4 Examples To Create Your Business Elevator Pitch
If you're a service-based business owner, I'm sure you've experienced that moment when you're presenting yourself or answering the question "what do you do?" in front of potential clients, and you wished you had a magic line that would make them want to book a call with you, on the spot!
You know that having a clear and catchy elevator pitch is key to communicate the value you offer and grab your ideal clients' attention, whether you are at a party, conference, you're hanging out in Facebook groups, you're sending a LinkedIn message, or you're presenting yourself on videos.
However, it's not always easy to get it right, and it can feel quite frustrating to miss potential opportunities because of it.
In my video below, I share 4 examples of business elevator pitches to help you create yours. For each example, you can also see the format I've used so you can simply fill in the gaps and adapt it as you see fit.
Example 1. Consultant
"I help fast-growing tech companies create structure in their organisation so they can successfully scale their business while keeping both employees and customers happy."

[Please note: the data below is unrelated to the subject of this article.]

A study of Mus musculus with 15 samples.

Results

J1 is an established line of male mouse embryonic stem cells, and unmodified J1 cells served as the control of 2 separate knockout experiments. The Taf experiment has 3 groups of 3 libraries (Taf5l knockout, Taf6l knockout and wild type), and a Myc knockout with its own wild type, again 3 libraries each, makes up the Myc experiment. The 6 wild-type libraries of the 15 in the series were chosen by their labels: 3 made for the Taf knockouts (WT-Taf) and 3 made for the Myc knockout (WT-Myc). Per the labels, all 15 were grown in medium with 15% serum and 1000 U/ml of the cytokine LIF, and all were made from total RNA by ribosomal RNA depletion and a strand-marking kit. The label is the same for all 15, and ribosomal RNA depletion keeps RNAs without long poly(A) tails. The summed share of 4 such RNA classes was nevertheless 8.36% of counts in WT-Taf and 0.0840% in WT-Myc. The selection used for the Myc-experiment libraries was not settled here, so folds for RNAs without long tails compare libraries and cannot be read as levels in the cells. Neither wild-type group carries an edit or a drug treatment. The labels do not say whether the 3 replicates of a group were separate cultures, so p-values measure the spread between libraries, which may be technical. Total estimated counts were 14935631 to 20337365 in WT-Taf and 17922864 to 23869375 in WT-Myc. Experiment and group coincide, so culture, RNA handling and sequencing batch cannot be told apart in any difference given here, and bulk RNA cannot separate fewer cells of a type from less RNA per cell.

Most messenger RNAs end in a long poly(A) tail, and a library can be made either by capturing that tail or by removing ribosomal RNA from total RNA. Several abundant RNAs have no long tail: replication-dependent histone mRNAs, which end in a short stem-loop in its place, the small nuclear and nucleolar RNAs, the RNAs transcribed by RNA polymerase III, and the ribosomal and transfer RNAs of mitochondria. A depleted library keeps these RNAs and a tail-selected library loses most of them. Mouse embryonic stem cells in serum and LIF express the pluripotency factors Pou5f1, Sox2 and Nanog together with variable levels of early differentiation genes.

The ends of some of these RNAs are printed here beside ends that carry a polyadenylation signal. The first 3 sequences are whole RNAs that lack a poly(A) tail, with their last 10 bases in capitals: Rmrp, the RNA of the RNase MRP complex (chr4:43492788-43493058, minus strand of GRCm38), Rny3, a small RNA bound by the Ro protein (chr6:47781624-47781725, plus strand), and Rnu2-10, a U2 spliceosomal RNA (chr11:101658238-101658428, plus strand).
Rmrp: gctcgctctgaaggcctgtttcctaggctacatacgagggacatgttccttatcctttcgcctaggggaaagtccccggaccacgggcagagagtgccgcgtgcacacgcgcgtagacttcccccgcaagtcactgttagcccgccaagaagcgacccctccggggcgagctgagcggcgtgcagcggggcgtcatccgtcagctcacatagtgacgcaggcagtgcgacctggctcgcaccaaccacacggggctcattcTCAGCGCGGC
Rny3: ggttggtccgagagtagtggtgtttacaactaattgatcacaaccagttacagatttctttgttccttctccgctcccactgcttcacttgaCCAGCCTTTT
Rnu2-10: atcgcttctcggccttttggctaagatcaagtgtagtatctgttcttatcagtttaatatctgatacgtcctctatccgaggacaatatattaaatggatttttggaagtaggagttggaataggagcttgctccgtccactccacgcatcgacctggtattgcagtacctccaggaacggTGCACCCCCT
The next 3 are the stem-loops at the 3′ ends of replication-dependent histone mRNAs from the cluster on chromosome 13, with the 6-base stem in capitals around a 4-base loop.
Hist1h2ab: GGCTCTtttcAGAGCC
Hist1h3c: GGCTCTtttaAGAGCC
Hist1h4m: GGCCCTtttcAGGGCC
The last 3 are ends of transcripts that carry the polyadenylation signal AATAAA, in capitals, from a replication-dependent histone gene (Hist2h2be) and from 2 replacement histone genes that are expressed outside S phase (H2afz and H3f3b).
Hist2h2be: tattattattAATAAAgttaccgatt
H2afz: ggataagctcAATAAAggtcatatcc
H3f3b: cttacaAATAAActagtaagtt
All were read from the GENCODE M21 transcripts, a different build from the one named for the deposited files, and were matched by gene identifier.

Format: I help [clients] create [goal] so they [result].
Example 2. Coach
"I help busy executives manage their time and avoid burn out so they can enjoy their work, stay healthy and create a positive impact in their organisation and industry."
Format: I help [clients] manage/avoid [challenge] so they [result].
Example 3. Social Media Manager
"I'm a social media manager for business owners who want to grow their following and engagement on Instagram and Facebook while having more time to focus on their work with clients."
Format: I'm [title] for [clients] who want [result].
Example 4. Web Designer
"I create trendy and user-friendly websites for e-commerce businesses who need more traffic to attract and engage new clients."
Format: I create [result] for [clients] who need [challenge].
As you can notice in my examples, I've focused on connecting with the clients' challenge or goal, and communicating the result you would help them create while using simple everyday language. When you focus on these points, you're less likely to use a language that is too generic and doesn't show the tangible value of your work or confuse your ideal clients with industry jargon they don't understand.
Once you've worked on creating your business elevator pitch, it's also important that you work on owning your pitch so that you can deliver it with confidence, without sounding like you're reading from a script. For this step, make sure you check my video on how to pitch yourself with confidence.